We’ve seen the power of a community through social media in the last decade and this will continue to grow to the unforeseeable future. In early 2000, LEGO the toy making mega company found itself in the brink of bankruptcy due to the rising competition from video games and the internet. Fortunately the company made an amazing turn around that put them ahead in the game and continues to improve their strategy.
You might wonder what it is that transformed the company from a failure to a total power house in the toy market?
Community. They came up with a strategy to build their products around the ideas of their customers by launching the LEGO Ideas Platform. Fans submit new product ideas and other fans will vote on that proposal. The winning ideas will then be vetted by LEGO staff and then the chosen designs will be sent for production. The fan with the winning idea will be rewarded with a percentage royalty.
Through LEGO Ideas, the 87-year-old company successfully transitioned from simply building for customers to building with an engaged community.
It’s so apparent now the diminishing power companies have in controlling customer interactions. Today customers can provide reviews about a company on a wide range of other websites, create Facebook groups for certain products/services and share videos of their reactions about a product or service without even interacting directly with that business. And believe me all these things will affect your business whether negatively or positively.
You can create a community for your business that comes together over what they care about. You have the tools and the platforms already built for you in the last decade, which you can use to collaborate with your customers. Here are some ways you can implement this.
1. Give power to people and trust them
This might scare some business owners and conclude that there’s too much risk involved.
A perfect example for this is TED’s decision to launch TEDx . TED is an international invitation only conference founded in 1984 meant for the elite with a price tag of USD10,000 currently.
TEDx empowered volunteers to organize TED style conferences in their own countries. This had an amazing result with thousands of people attending TEDx events in their own cities, spreading ideas at a remarkable scale and securing TED’s place as an idea distribution company under the slogan “Ideas Worth Spreading”
As much as a two way relationship with customers might sound scary to some business, what they forget to remember is by creating a community around your business, you’re also building co-owners who will guide you through the mistakes you’re bound to make. Co-owners act differently than standard customers.
2. Create a platform where your customers or clients can connect and help each other
Building a community is not for the sole purpose of benefiting the business but to connect your customers with like minded people searching for the solution to their problem.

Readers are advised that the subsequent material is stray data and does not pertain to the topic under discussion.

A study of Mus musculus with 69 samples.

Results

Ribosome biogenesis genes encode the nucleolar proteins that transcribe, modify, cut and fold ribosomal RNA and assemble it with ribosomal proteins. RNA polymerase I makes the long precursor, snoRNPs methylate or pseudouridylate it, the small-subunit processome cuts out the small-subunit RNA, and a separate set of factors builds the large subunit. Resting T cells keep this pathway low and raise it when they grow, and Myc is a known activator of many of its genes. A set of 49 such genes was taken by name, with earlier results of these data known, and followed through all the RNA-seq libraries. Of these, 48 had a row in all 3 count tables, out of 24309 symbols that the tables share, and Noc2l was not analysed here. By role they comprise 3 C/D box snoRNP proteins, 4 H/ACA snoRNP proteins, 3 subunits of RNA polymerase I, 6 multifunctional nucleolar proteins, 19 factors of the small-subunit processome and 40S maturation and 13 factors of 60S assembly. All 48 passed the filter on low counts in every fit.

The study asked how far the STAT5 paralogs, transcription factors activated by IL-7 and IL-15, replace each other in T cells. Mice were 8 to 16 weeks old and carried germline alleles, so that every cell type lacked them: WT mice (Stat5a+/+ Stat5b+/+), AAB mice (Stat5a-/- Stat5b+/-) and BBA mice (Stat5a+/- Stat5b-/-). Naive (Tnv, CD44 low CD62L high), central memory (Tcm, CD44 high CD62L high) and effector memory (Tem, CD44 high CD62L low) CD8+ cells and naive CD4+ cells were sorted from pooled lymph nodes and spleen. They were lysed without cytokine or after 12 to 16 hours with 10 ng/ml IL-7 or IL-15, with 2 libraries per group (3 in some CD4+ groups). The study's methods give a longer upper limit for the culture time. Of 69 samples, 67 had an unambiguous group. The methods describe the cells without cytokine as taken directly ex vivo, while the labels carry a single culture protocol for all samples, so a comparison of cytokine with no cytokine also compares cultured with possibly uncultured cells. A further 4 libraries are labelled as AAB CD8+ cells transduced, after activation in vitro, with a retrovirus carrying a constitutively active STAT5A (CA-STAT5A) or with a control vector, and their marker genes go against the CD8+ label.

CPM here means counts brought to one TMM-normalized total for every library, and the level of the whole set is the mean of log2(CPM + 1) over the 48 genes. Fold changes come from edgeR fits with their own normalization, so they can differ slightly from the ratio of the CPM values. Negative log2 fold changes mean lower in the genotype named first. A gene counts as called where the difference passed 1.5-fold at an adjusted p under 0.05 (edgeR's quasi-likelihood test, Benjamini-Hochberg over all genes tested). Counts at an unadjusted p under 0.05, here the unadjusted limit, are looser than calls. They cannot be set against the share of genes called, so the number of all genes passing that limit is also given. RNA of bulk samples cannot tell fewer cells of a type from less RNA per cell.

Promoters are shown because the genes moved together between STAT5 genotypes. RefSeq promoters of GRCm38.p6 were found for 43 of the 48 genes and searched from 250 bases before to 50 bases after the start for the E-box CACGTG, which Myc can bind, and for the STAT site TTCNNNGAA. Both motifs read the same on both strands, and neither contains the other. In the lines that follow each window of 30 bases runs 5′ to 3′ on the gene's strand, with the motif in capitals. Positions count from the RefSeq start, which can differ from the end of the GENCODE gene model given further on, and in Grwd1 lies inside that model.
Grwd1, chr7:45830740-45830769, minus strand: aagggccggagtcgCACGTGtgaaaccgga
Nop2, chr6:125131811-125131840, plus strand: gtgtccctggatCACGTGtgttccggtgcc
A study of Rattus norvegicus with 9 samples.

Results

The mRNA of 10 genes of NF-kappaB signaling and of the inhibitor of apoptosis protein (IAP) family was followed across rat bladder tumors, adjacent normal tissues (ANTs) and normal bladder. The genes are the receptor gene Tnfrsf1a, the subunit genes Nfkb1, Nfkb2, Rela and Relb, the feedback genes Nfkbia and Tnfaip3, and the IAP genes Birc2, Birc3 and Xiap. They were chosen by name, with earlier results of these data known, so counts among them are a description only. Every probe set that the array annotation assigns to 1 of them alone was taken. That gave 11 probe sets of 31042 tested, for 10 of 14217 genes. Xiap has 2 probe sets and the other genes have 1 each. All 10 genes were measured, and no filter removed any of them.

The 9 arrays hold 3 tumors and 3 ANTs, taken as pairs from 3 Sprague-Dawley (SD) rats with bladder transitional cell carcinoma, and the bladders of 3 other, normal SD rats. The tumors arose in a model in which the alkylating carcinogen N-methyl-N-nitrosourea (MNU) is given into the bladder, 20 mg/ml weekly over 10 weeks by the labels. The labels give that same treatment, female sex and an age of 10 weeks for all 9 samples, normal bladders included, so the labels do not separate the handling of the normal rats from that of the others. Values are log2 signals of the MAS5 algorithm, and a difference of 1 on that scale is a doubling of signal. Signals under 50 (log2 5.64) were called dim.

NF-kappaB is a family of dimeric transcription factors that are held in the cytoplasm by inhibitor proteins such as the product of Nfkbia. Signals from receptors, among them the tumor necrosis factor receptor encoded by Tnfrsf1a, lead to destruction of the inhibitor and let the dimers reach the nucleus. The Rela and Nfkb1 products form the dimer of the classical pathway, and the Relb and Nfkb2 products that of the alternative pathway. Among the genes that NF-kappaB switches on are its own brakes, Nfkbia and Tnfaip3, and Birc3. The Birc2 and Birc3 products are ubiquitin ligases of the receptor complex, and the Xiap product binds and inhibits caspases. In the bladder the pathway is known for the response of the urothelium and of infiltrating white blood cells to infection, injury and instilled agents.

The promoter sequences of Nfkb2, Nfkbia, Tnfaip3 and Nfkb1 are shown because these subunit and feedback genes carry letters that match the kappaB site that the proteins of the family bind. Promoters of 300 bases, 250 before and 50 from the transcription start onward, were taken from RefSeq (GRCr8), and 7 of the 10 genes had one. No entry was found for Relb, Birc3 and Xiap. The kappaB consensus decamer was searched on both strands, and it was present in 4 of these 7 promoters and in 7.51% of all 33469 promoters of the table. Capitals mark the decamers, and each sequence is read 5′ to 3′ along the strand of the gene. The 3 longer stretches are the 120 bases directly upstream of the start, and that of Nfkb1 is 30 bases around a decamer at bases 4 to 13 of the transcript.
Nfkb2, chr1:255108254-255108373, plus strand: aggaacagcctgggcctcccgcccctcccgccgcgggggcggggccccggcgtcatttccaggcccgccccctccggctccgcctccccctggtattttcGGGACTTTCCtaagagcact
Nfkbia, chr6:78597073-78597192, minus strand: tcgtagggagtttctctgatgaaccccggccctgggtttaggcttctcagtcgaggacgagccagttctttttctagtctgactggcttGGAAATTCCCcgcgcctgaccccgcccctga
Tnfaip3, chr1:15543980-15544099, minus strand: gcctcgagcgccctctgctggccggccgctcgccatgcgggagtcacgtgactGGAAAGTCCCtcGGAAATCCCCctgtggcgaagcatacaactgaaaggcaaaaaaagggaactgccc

Think of it this way. If you’re a digital marketing academy and your best course so far the facebook ads course, so your target clients are other businesses that provide digital marketing services. You build a facebook group for your students to share tips and tricks, new tools and regulations by Facebook. This will help them connect and share opportunities with each other. You’ll have unlimited access to their ideas, problems that you could solve and a pool of loyal community members that will help you when you miss the mark on a product or service.
3. Start by Identifying Your Community
Building a community isn’t about what an organization can achieve; rather, it’s a manifestation of what an organization and a group of passionate people can do together.
Let’s go back to our first example LEGO , they figured their “who”, the energetic teens who had ideas of the new LEGO they had in mind. When the Idea Platform was launched, it supercharged what their customers already wanted to do which aligned with the company’s goal.
Before jumping to tactics of building a community, stop to think about the purpose of that community otherwise you risk building a space where no one shows up. Community-building is an ongoing practice of trusting and collaborating with a specific group of passionate people who bring energy to your brand. Maybe they already even engage or contribute in ways that you haven’t yet recognized. Supporting those people may start as a responsibility under one department but at its best becomes a cross-functional effort to supercharge a core group of stakeholders.
4. Create resources for your members to educate them about relevant issues
You want to create a space that provides everything relating to the purpose of the community. We like how GymShark positioned itself as their members’ “go to” hub for information through their blogs about fitness, health, nutrition, gym wear etc. This solidifies customers desire to buy and share from the company as a way of connecting with the community.
Educational resources about your products only help your current customer but also prospects to solve their problem and build trust in the process.
You can keep your community engaged with you frequently with blogs, articles, videos, podcasts etc whenever you sense the conversation is slowing down.
For many organizations, cultivating a community will mean cultivating a new capacity. This is a democratic, not autocratic, route to building customer relationships. It requires trusting instead of controlling, and commitment instead of flightiness.
As we move into the coming decade, your customers will be acting on your behalf anyway, driving interactions themselves. You can either stand on the sidelines, or you can take an active role by empowering them.